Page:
While the regulations governing clinical research refer to “noncompliance” several times, the term is not actually defined in the regulations. This leaves it up to individual institutional review boards (IRBs) to establish a definition, policies/procedures, and reporting requirements for sponsors, contract research organizations (CROs), and investigative sites to follow.

Understandably, this can cause confusion for researchers working with multiple IRBs. It’s important to make sure you’re familiar with your IRB’s reporting requirements—and if you’re not sure, it’s always appropriate to reach out to the IRB for clarification.

A Definition of Investigator Noncompliance

While no official regulatory definition is available, we wanted to provide some examples to assist the research community. Here are the definitions Advarra’s IRB has established:

Consistent with other reportable events, Advarra expects noncompliance reports be submitted as soon as possible, no later than two weeks or 10 business days from the time of the event.

While these examples are unique to Advarra’s IRB, they were developed based on best practices and in consultation with other IRB professionals.

IRB Noncompliance Reporting Requirements

In addition to reporting the noncompliance event, some IRBs may require the report to also include information like:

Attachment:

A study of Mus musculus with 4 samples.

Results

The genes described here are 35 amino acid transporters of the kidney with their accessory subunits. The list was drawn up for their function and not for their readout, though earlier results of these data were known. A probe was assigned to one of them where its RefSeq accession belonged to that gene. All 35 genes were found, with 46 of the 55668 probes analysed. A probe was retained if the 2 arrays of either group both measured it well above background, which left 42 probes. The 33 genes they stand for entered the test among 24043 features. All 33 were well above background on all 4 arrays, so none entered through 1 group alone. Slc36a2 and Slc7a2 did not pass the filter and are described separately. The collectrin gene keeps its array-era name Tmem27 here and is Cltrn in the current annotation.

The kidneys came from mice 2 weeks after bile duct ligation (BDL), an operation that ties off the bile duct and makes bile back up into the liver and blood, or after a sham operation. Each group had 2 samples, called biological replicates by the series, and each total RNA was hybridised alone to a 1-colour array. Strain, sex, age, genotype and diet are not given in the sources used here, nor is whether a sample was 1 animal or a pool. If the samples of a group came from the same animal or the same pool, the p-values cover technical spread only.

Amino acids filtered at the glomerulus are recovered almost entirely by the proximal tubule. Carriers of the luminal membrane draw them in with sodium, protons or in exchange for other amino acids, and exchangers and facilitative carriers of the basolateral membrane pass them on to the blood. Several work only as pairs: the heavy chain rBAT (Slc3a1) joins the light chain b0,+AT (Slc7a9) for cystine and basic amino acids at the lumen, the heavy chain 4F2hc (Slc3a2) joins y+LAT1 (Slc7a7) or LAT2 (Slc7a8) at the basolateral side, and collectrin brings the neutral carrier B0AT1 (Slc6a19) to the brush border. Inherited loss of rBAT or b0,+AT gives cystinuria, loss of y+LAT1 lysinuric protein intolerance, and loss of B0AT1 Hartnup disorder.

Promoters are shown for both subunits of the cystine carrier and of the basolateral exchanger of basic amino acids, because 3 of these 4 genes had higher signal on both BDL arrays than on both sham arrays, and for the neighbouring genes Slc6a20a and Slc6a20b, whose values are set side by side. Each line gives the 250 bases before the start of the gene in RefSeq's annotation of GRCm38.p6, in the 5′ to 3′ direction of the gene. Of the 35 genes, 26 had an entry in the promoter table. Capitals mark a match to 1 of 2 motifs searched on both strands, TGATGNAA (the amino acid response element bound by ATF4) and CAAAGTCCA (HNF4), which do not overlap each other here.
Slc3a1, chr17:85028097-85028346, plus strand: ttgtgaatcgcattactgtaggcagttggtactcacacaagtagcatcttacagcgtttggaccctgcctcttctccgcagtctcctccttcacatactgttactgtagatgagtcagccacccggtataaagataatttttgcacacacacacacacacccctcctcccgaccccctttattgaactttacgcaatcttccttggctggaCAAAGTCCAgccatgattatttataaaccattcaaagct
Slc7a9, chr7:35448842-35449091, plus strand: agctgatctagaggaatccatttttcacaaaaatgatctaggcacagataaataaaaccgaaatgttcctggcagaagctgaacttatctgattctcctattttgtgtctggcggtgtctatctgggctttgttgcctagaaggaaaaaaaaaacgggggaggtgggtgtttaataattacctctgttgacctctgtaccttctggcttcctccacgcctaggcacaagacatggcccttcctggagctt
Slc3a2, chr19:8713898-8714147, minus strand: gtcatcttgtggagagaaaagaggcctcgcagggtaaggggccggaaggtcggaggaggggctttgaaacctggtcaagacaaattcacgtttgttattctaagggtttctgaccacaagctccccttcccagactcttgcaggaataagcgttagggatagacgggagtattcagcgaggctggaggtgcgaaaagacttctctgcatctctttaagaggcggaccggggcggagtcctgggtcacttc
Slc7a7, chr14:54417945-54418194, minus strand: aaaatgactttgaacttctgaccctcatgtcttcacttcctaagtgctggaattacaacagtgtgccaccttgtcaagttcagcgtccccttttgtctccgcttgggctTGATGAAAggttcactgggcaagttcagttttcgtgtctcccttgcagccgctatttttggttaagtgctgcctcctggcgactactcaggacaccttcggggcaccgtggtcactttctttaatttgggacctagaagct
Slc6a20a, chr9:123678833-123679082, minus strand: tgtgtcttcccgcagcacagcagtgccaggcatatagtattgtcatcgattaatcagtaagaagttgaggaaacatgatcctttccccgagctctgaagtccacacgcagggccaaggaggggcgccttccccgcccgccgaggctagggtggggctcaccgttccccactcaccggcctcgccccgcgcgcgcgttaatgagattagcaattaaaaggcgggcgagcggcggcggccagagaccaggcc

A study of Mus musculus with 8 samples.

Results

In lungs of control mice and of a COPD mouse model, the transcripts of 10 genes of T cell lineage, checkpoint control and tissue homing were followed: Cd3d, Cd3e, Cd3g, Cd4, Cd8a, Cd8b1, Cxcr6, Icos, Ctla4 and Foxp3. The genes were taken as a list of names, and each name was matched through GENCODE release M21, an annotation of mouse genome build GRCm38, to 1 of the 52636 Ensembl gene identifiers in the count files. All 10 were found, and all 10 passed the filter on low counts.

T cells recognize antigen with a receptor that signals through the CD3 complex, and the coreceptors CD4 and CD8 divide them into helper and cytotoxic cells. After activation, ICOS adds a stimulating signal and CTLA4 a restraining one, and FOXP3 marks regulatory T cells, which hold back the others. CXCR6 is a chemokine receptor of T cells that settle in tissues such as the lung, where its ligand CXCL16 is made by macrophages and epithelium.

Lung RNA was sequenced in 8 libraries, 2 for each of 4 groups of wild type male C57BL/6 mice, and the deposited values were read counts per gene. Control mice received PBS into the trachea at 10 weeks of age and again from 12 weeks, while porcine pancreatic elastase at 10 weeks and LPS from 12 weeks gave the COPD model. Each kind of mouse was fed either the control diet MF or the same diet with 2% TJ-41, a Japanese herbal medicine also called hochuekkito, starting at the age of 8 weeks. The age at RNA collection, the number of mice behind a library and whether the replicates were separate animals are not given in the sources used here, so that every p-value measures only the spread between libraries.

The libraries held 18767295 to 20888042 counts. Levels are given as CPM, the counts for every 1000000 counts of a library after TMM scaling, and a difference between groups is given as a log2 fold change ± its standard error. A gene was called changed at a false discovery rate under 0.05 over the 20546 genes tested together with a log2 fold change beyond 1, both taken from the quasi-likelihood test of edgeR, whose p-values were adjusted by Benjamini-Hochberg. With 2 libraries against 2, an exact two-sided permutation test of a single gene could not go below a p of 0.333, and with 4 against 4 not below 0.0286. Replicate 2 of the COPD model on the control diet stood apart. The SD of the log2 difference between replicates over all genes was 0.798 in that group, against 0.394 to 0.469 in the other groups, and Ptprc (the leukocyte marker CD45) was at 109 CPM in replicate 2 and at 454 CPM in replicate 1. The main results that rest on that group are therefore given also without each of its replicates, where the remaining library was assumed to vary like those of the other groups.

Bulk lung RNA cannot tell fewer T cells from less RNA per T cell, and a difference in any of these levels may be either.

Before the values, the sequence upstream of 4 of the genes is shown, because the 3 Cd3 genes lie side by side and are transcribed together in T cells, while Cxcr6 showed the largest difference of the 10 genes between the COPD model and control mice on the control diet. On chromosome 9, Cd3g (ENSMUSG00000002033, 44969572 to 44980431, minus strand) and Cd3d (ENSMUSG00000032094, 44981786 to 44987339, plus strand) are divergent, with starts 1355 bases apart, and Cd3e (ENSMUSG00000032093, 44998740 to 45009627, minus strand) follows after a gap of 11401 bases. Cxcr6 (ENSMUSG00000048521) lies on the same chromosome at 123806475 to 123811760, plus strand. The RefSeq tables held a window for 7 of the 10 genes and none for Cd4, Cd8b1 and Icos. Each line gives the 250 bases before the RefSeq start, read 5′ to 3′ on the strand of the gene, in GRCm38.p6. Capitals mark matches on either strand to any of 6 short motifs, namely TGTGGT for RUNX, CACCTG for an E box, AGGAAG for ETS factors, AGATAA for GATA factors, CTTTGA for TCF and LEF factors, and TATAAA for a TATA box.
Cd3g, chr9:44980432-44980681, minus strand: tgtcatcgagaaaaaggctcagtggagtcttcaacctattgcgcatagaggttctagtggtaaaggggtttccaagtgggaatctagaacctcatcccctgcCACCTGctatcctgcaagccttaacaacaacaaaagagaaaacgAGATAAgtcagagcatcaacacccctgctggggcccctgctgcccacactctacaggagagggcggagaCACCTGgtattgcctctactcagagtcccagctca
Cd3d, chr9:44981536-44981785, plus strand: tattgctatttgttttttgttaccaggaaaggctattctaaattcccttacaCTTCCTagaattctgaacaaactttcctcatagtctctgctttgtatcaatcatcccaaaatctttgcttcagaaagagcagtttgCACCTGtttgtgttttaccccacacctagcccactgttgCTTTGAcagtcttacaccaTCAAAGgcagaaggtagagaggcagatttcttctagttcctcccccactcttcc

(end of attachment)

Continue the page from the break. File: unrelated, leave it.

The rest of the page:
Again, check with your IRB to understand the specific reporting requirements. When working with Advarra, your best source for this kind of information is the IRB Handbook, available in the Reference Materials section of the Advarra Center for IRB Intelligence (CIRBI) Platform.

Reports and allegations of noncompliance will be evaluated by the IRB and can result in an action up to and including suspension or termination of IRB approval. Any report of noncompliance determined by the IRB to be serious or continuing, or any determination to suspend or terminate IRB approval, will be reported to the appropriate regulatory agency.

When in doubt, it’s best to report noncompliance concerns to the IRB and allow it to make an appropriate determination to ensure the rights and welfare of research participants are adequately protected.

Note: This article was originally published December 4, 2019, and has been updated to include new and clarifying information.